After months of speculation. AMD has finally cleared the smoke around its next line of chips, based on the new Carrizo-L CPU cores. This gives us a clearer picture of what the 2015 low-power computing scene might looks like with the new microarchitecture, dubbed Puma+.
This new family of chips is the new AMD мид-tier, intended to replace the 2014 Beema chips with Puma cores. The new SoCs use a 28nm production process and share the same socket as the high-end Carrizo chips. Just like their predecessor, Carrizo-L chips cover the power range from 10W, all the way up to 25W, so we can expect to see them in various tech and form-factors. Naturally, Carrizo-L is an AND APU, which means, it is equipped with some dedicated graphics processing power as well. It comes courtesy of GCN Graphic Compute Units.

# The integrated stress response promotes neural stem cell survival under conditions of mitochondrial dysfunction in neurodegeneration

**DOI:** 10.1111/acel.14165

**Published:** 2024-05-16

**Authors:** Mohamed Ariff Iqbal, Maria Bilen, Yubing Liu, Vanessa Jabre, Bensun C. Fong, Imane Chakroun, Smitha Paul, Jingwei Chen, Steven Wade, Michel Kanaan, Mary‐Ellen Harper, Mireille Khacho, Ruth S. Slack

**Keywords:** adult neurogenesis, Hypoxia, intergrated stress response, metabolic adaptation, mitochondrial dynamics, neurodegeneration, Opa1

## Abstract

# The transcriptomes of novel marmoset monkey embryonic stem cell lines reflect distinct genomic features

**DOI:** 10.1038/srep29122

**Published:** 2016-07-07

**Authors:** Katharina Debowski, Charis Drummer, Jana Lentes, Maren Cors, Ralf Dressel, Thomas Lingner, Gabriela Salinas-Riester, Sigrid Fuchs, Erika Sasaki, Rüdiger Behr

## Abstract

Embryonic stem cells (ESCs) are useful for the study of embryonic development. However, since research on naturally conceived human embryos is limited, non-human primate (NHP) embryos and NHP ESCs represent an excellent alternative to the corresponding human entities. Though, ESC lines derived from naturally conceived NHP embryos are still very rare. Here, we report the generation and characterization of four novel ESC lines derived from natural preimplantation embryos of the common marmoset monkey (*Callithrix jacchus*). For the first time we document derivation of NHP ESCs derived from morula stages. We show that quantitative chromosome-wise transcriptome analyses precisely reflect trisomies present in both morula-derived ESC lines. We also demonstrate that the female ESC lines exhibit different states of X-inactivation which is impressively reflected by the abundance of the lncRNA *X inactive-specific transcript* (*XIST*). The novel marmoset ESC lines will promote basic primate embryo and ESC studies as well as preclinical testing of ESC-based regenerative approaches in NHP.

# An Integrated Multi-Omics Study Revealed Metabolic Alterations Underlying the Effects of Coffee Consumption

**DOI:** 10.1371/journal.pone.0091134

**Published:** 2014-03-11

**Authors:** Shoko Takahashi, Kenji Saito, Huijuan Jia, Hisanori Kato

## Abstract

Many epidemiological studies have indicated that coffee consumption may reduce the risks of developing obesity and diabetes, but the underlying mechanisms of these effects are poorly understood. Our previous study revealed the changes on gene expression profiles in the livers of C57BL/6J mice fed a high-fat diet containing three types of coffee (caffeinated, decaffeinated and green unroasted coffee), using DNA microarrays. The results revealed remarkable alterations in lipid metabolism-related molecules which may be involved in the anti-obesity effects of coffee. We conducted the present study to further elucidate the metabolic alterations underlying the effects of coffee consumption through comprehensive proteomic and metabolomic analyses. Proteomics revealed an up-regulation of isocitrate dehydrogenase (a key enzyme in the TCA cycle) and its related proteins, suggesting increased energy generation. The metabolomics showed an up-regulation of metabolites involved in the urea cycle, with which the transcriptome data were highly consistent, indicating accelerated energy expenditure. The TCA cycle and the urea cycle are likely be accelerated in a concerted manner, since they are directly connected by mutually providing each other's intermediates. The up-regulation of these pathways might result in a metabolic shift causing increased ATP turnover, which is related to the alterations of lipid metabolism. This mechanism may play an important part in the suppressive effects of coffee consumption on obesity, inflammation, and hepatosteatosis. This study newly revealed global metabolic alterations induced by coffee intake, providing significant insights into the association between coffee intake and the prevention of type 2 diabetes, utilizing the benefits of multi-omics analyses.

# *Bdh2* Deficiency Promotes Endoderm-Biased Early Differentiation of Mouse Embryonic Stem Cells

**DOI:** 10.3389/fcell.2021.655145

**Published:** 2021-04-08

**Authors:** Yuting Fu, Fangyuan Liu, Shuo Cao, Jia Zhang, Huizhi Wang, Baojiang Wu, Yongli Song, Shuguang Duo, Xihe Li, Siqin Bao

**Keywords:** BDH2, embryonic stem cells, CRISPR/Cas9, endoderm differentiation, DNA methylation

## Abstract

As far as we currently know, AMD is planning to offer a few Carrizo-L products. There is the high-end A8-7410, which is a quad-core APU with DDR3L-1866 memory support and a clock speed between 2.0GHz and 2.5GHz. There is also the A6-7310, with a max clock speed of 2.4GHz and a tad slower RAM – DDR3-1600.
Going further down the list, we find the A4-7240, clocked at 2.2GHz and the E2-7110, at 1.8Ghz. Both are also quad-core processors. There is also the low-powered E1-7010, which only has two Puma+ cores, but is only rated at 10W.
This will, essentially by AMD’s last generation of SoCs, based on the Bobcat CPU architecture, soon to be replaced by AMD Zen. It is already clear that the aforementioned Carrizo-L chips are still a lot more power-hungry than their Intel Atom counterparts, but it is still anybody’s guess how they will stack up in terms of performance.